Your commercial lease: valuable tips
It’s exciting to move your business into a shiny new space, but knowing how to negotiate for that space is surprisingly complicated. And if your entrepreneurial concept is going brick and mortar for the first time, you have, metaphorically speaking, lots of ground to cover.
Some commercial space leases run into hundreds of pages, so it’s easy to miss something important. Before you sign, know your responsibilities as a tenant and be sure you’re covered in case the roof needs to be replaced or the air conditioning unit goes out. A properly negotiated lease will protect you on many fronts.
Keep in mind that commercial leases are calculated by the year, so a 1,200-square-foot space may rent for $50 per square foot per year, but that translates to a lease of $5,000 per month. As a business owner, you probably already know how much rent you can afford based on your annual sales. If your monthly revenue is $50,000 and your industry typically allots 10 percent toward rent, you may be in the ball park.
Your broker will help you with rent calculations and what similar tenants are paying in the area. And when hiring a commercial real estate broker to help you, be careful not to use a broker who also represents your potential landlord. Since the landlord pays the broker’s commission, there could be a conflict for you, the “smaller client.”
Next is your letter of intent to the landlord, spelling out what space and what amount of rent you are willing to pay, among other issues. The negotiations usually begin at this point and will include the following items.
The term: Commercial leases can run from 3 years to 25 years, with options for renewal, but this is completely negotiable. If you own a high-end spa, you don’t want to build out an expensive store and only have a three-year lease. Make this provision work in your favor.
Use of space: A clause allowing for “all legal uses” will be helpful if the scope of the business changes and expands.
Start date: If you’re building out your store, it’s best to start paying rent when it’s ready for you to move in.
Percentage clause: You may be familiar with rent guidelines, wherein a grocery store usually pays 2 percent of its gross sales to its landlord, a laundromat can pay 12 percent, etc. Your broker can negotiate a percentage rent clause that may state that as you make more money, your rent will increase.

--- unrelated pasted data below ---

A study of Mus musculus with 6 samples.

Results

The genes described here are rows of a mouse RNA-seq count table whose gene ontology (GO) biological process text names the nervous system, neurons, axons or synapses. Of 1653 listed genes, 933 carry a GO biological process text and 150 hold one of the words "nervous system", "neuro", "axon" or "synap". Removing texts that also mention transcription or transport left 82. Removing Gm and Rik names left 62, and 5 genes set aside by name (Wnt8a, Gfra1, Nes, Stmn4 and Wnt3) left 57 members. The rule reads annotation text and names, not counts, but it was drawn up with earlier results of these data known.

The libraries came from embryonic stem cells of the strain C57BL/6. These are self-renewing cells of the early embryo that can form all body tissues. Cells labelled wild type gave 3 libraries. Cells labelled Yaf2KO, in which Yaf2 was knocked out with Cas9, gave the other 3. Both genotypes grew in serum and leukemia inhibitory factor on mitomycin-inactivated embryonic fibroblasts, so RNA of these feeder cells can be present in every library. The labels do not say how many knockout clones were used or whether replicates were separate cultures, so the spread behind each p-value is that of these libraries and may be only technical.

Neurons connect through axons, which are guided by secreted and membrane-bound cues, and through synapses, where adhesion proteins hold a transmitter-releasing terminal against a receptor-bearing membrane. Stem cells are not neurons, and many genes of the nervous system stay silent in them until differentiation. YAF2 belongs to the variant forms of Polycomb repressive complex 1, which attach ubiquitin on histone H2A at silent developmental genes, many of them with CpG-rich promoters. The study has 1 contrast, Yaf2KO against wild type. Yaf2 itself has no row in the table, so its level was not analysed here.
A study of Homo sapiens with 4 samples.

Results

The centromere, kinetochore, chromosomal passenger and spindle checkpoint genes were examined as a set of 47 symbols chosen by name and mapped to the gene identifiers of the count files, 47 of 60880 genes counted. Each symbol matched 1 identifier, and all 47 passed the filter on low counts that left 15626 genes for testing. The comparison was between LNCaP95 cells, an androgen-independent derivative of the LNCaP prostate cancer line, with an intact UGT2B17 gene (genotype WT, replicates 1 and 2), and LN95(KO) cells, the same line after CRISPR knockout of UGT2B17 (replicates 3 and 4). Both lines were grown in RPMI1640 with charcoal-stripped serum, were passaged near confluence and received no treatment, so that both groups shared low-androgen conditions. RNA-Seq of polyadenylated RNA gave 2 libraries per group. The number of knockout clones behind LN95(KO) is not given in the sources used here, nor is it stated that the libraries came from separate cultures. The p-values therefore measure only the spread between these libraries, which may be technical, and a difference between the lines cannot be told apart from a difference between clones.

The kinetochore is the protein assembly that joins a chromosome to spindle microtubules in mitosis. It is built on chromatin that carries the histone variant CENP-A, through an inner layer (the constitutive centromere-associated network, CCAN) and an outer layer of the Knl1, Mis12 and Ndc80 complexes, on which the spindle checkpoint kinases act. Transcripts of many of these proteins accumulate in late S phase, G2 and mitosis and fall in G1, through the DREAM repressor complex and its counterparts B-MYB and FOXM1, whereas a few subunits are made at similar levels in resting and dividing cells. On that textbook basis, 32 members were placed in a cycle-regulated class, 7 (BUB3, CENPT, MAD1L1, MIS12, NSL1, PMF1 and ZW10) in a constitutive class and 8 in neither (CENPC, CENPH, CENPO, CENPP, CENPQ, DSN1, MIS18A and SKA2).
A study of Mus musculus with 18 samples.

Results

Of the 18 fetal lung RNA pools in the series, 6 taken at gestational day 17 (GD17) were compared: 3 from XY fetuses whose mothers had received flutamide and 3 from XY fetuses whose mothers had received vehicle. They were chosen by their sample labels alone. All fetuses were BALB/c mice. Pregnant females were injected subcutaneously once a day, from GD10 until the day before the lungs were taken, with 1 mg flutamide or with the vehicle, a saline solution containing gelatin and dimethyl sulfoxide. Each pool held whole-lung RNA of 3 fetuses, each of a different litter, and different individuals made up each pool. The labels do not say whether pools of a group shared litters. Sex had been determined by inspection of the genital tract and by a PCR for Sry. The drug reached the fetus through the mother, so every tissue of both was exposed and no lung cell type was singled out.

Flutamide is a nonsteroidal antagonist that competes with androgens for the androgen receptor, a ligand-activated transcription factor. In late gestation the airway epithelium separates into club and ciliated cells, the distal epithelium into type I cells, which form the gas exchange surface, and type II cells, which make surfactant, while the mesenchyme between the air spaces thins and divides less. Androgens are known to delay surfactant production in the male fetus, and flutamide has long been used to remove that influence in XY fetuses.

Kickoff clause: In case your sales don’t pan out, this clause allows you to exit the lease after a certain amount of time.
Tenancy agreement: If you are looking at a site because a major retailer is next door to your shop, this clause allows lower rent or other concessions if they move out.
Tenant improvements: Your broker should know what incentives landlords are giving in your desired area, and if you don’t need any improvements, perhaps the landlord will give you several months of free rent instead.
Exclusivity clause: You certainly don’t want a competing pizza parlor or salon in the same shopping center, so be sure to include this provision.
Personal guarantee: Unfortunately, most landlords will require some type of personal guarantee from you in case your sales fall flat. At least try to limit your exposure to only a few years.
CAM or common area fees: You will pay a share of the building’s or shopping center’s maintenance. The cost of keeping the common areas clean, manicured, landscaped, secured, lighted, etc. is divided among the tenants according to how much space you rent. You can try to negotiate up front for a fixed rate so your CAM won’t increase if tenants leave; a cap on increases, for example, no more than 3 percent per year; or a flat refusal to pay any CAM, since this is a very profitable way for a landlord to make money.
Additional clauses to consider might be a sub-lease provision that permits you to lease your space to another business, in the unhappy event that your business doesn’t thrive in that location, or default provisions regarding lock-out or eviction processes. While your business plan is positive and optimistic, there should always be a Plan B if an economic downturn or other circumstances create the necessity to leave the premises.
After you reach an agreement, a formal lease will be drawn up. Some business owners use their personal attorney to review it and work with the landlord’s attorney. Be sure your attorney, whoever she is, is familiar with real estate law and get their cost up front. Some charge more than $10,000 for a lease.
Keep in mind that this document will be paramount to your business as long as you are in business, so choose both your broker and your attorney well. And good luck with your dream! HLM
Sources: huffingtonpost.com, legalzoom.com, quickbooks.intuit.com and sba.gov.